The final scence of the Christmas classic, It's a Wonderful Life always gets to me. George Bailey has spent his entire life trying to juggle two almost competing desires: 1) to provide financially for his family and 2) to serve the town he loved. Of course, when George feels like a failure at both of these endeavors, as well as compared to the standards for success for his profession, he tries (in vain) to end his life. And at the end of the movie, when all hope seems lost, the whole town comes and bails him out. But what gets me is how George is helped out and even praised by all the people he's been helping; people he didn't even realize he was helping. As George's living room fills with people, he is able to see a reality much greater than the small and frustrated perspective he'd been having. Whenever I watch that scene, I think, "that's what I want my life to be about - giving my life away for others." And I usually cry thinking about it.
Well, as our last worship gathering for the church I began and pastored, I had an It's a Wonderful Life Moment. Honestly, I don't know if there will ever be a moment in my life in which I have more praise and thank-you's poured over me than hour of open sharing that happened this morning.
Mostly, that hour was a blur of tears, hugs and 'thank-you's'. But I remember a few lines, many of which were forced out between tears.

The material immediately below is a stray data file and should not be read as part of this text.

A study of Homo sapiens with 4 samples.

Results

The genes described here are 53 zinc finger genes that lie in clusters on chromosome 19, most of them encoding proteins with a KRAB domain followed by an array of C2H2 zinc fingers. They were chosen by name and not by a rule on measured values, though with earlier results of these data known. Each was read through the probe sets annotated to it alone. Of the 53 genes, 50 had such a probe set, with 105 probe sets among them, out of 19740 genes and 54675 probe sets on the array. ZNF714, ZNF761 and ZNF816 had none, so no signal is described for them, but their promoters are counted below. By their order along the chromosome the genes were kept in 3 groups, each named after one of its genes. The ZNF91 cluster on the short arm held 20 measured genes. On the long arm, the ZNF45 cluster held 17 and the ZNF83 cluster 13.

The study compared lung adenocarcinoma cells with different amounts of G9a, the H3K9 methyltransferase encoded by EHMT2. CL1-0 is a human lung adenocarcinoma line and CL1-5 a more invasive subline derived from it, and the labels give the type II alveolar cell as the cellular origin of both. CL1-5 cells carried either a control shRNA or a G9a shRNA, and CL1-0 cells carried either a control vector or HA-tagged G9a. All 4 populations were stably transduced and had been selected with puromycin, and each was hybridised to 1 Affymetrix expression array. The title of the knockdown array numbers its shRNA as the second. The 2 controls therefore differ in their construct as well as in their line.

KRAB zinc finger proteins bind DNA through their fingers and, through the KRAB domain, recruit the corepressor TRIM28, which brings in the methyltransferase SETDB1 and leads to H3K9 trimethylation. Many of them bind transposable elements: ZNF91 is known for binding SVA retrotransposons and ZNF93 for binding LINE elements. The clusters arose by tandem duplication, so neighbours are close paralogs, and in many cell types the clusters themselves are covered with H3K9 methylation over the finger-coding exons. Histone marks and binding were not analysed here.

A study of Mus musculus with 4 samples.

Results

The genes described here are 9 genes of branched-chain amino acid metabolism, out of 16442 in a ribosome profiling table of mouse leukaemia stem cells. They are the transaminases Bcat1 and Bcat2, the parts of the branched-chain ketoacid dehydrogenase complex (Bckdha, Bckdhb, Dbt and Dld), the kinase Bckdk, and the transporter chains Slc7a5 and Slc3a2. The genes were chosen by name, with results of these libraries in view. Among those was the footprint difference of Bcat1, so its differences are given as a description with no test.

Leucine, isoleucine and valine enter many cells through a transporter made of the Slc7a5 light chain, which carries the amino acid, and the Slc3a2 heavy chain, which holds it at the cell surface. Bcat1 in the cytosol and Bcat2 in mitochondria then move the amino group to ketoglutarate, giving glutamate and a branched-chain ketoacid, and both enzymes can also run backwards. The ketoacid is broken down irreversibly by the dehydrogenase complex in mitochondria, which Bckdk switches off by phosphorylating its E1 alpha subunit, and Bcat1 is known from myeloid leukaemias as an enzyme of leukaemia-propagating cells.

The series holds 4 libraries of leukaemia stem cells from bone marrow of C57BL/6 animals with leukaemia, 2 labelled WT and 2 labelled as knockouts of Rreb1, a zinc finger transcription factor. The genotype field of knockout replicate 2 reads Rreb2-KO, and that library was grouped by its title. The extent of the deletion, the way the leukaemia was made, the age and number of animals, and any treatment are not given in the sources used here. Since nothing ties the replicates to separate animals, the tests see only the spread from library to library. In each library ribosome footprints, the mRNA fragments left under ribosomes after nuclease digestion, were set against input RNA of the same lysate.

"Thank you for leading my daughter to Christ. For speaking at my wife's funeral. For helping me celebrate her first post-mortem birthday."
"I was so lost, but you, Erin and this church found me."
"This is the only church I've ever known. I've been sober for six months because of this church."
"You and the church changed my paradigm for what church is to be about. My understanding of the Kingdom has expanded. For awhile, I wasn't being obedient to God. But your obedience inspired me to be obedient." And the growth I saw in this friend over the period of about a year was the most dramatic change I've ever seen in a Christian.
"I never thought I'd care anything about God or the bible. But now I know Jesus. Thank you. We've been through a lot together. Thanks to you and Erin for always being there for me."
That guy wanted to talk longer but he just couldn't get the words out. But I knew what he was trying to say.
In response to my sermon about going after the lost sheep - "Donnie, I was 'the one.' I could be real around you. You accepted the real me."
This guy wanted to say more but couldn't choke back the tears. His wife said that was one of the few times she's ever seen him cry.
"I've been a Christian my whole life, but this church gave me a vibrancy I'd never experienced before. Donnie has a unique and fresh way of explaining God." This friend is now preparing for full-time ministry
"Donnie and Erin, you really helped me see the truth."
From a teenager who gave me a tearful hug, "Thank you for doing that bible study with me last summer." I was starting to drift in the wrong direction but you nudged me back toward God."
"This church has helped my family know what it means to love people the way Jesus loved."
It has been anything but easy. But it has been more than worth it. I've always had a gift for words but I have no words to describe the awe and thankfulness at having been such a significant part of the spiritual journey of so many people. Maybe we should all just gather around the piano and sing, "Auld Lang Syne."